Advertising isn’t one medium or another anymore -- and a new campaign from Hewlett-Packard and ad agency 180 LA blends emerging media with traditional to create an entirely new hybrid.
"The agency had to push ourselves to innovate and think about how we best showcase a new medium within an established one," says William Gelner, chief creative officer of 180LA.
The "Bend The Rules" campaign was initially designed to live through social media. 180LA worked with the management company Niche that represents popular “videographers” to select and book five influential personalities who post on the Vine platform.
Each Viner then created a six-second clip to highlight Hewlett-Packard's convertible PC, the x360 Pavilion, a tablet computer that can bend and fold upon itself. The premise was to showcase the flexibility of the computer and its applications with fellow “rule benders.”
The campaign was tagged with #BendTheRules and ran across social media channels.
However, one Vine video from Robby Ayala became a viral hit, with more than 10 million views. This video shows him watching a girl use her HP tablet and then allowing him to think his regular computer can fold as well. He ends up breaking it.
Then, 180LA quickly pivoted to capitalize on this viral success by developing a traditional TV spot. There was no original intention to make a TV ad out of Vines, but seeing the success of the online campaign sparked the idea of expanding the campaign’s reach through TV, say 180LA executives.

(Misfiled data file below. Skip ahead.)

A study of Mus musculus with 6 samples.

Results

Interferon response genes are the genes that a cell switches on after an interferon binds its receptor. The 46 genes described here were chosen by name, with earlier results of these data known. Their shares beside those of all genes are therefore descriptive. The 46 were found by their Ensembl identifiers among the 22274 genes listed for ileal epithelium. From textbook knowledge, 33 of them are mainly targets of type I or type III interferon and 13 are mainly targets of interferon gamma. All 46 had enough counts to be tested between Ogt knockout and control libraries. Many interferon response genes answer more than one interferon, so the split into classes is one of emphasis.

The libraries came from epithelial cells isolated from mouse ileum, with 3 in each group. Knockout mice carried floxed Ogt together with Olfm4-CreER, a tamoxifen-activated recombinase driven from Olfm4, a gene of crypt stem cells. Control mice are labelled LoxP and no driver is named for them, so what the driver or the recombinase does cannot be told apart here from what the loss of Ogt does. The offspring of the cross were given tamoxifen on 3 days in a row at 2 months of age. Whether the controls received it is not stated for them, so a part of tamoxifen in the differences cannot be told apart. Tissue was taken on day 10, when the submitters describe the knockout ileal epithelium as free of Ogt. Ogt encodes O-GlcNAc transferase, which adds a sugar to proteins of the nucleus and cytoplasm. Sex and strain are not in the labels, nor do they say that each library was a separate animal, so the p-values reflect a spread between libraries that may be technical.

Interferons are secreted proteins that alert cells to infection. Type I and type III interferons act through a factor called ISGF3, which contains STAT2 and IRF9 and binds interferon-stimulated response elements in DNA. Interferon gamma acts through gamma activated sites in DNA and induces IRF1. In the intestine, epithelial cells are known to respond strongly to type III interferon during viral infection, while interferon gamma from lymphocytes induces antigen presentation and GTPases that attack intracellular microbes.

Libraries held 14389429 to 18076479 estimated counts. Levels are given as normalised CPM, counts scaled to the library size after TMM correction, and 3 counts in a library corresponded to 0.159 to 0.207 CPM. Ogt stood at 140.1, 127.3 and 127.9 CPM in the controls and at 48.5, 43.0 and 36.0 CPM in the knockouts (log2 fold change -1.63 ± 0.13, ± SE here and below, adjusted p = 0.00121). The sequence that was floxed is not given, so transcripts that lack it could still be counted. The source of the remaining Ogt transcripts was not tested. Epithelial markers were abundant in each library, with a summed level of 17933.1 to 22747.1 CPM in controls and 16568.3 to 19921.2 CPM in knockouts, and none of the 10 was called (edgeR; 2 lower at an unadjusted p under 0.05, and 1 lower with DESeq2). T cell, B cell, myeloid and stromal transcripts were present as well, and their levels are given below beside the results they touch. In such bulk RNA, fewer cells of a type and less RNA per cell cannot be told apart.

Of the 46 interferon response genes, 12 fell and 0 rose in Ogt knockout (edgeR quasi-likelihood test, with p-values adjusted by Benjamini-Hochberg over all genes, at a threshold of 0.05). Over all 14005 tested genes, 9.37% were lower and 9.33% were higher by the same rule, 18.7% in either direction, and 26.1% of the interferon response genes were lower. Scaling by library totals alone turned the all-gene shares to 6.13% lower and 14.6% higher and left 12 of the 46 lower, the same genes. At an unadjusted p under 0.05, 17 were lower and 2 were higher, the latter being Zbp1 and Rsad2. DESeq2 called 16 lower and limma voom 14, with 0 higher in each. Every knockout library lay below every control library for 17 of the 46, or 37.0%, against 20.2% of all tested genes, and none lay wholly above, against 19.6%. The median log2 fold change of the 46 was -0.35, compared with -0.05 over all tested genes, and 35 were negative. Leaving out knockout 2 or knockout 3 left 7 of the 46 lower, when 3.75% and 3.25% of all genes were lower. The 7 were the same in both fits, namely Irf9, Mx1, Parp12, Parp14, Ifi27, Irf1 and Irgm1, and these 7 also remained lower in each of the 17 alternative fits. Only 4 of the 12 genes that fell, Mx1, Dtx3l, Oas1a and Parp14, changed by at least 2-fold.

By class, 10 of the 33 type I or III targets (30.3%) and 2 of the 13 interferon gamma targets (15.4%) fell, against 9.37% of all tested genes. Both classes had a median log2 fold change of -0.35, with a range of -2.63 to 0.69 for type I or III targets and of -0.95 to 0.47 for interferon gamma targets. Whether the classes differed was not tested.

Transforming the videos to a traditional TV spot was conducted in a compressed time frame. After the video was originally posted July 16, 180LA developed a concept, produced a 30-second spot, and posted online August 8th that began airing August 11th.
The Connected ad is the first TV ad made entirely in the setting of Vine. The ad links each Vine personality as the x360 tablet computer bends and travels through each individual's video in a choreographed continuum, all set within the Vine user experience. "For a campaign called ‘Bend The Rules’ we thought ‘let’s really do it,’” says Gelner. “We took a digital execution and brought it to TV. You usually see it the other way around."